THE Commonwealth Seniors Health Card (CSHC) has been a useful tool for retirees who do not qualify for the age pension and the concession card that goes with it.
However, big changes in last month's budget mean some current holders will be losing it.
To qualify, you must be of age pension age but not be in receipt of an age pension. Also you must have an adjusted taxable income of less than $50,000 for singles or $80,000 for couples (combined).
Adjusted taxable income is a person's taxable income, reportable fringe benefits, salary sacrificed superannuation contributions and net investment losses.
It is valid for one year only and must be applied for each year.
Anybody who starts an account based pension or annuity after December 2014 will find that the income stream will be assessed under the deeming rules with the deemed income being added to their adjusted taxable income.
Existing pensions that commence before January 2015 will be exempt.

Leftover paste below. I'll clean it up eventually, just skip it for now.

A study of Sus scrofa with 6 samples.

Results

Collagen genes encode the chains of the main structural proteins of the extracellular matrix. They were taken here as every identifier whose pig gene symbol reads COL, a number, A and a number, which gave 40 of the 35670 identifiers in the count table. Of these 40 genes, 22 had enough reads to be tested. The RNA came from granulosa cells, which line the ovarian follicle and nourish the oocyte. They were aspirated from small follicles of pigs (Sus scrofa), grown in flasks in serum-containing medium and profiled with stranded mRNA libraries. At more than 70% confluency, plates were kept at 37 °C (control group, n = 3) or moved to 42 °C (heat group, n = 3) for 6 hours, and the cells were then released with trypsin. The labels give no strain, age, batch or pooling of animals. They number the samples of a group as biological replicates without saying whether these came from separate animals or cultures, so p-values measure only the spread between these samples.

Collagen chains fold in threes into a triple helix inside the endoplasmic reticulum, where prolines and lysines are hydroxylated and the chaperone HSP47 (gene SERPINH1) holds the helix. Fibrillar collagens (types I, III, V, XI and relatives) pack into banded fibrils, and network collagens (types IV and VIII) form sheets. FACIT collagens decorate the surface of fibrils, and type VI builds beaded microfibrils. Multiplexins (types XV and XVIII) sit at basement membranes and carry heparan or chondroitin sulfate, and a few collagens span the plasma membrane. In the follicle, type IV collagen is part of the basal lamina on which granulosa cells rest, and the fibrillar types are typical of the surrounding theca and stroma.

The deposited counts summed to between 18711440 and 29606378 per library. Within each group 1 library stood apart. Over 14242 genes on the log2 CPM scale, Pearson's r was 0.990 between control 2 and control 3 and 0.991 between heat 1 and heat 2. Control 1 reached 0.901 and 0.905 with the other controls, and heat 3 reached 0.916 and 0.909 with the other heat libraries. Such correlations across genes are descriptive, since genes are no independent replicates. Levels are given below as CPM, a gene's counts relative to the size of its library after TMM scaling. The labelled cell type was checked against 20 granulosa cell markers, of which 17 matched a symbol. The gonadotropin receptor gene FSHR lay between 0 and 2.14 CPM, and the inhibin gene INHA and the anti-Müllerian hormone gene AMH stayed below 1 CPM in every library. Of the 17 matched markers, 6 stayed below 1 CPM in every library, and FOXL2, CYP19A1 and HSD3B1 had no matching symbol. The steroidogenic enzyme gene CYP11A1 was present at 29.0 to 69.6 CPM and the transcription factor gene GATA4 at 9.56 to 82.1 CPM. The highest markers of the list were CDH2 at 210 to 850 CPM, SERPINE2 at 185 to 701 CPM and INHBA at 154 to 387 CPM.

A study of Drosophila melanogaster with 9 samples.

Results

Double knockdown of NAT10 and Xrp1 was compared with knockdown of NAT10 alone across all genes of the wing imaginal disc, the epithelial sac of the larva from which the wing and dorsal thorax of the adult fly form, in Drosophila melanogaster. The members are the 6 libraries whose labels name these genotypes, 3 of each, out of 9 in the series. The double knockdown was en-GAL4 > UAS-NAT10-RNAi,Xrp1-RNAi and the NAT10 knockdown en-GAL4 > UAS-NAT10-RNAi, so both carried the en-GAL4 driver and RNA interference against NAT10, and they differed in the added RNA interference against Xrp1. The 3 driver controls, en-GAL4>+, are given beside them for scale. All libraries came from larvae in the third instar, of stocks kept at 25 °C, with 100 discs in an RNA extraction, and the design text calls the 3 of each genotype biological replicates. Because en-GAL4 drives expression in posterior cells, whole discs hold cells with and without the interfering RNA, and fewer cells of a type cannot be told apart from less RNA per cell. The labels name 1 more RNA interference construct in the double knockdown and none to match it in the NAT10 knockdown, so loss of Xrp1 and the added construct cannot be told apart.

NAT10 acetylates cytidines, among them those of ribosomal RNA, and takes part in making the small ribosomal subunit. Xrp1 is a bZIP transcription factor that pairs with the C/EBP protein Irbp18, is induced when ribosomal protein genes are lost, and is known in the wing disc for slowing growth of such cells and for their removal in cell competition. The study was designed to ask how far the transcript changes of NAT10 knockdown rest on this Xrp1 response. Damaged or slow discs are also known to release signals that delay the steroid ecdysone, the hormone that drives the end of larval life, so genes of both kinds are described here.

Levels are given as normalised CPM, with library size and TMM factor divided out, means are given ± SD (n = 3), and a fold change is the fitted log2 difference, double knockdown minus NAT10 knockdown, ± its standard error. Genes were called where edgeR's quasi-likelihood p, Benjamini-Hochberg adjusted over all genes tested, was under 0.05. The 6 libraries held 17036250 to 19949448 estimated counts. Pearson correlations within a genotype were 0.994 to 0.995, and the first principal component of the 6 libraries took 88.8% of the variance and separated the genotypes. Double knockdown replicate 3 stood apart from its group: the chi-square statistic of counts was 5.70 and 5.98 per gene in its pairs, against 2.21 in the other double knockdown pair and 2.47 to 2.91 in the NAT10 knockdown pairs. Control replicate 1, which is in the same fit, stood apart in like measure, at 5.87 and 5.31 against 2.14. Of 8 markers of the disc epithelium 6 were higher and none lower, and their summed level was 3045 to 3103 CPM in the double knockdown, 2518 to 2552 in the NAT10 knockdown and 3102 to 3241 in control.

You would need to be wealthy to be adversely affected. For example, if a couple had $1.2 million in superannuation and were drawing an account-based pension that started after 31 December the deemed income would be about $41,000 a year.
This is way short of the $80,000 cut-off figure, but of course other income like franked dividends could push them over the cut off point.
It's a reminder that the recent budget changes have changed the landscape for many Australians. As we approach June 30 good advice is becoming more important than ever.
Noel Whittaker is the author of Making Money Made Simple and numerous other books on personal finance.
His advice is general in nature and readers should seek their own professional advice before making any financial decisions. Email: firstname.lastname@example.org.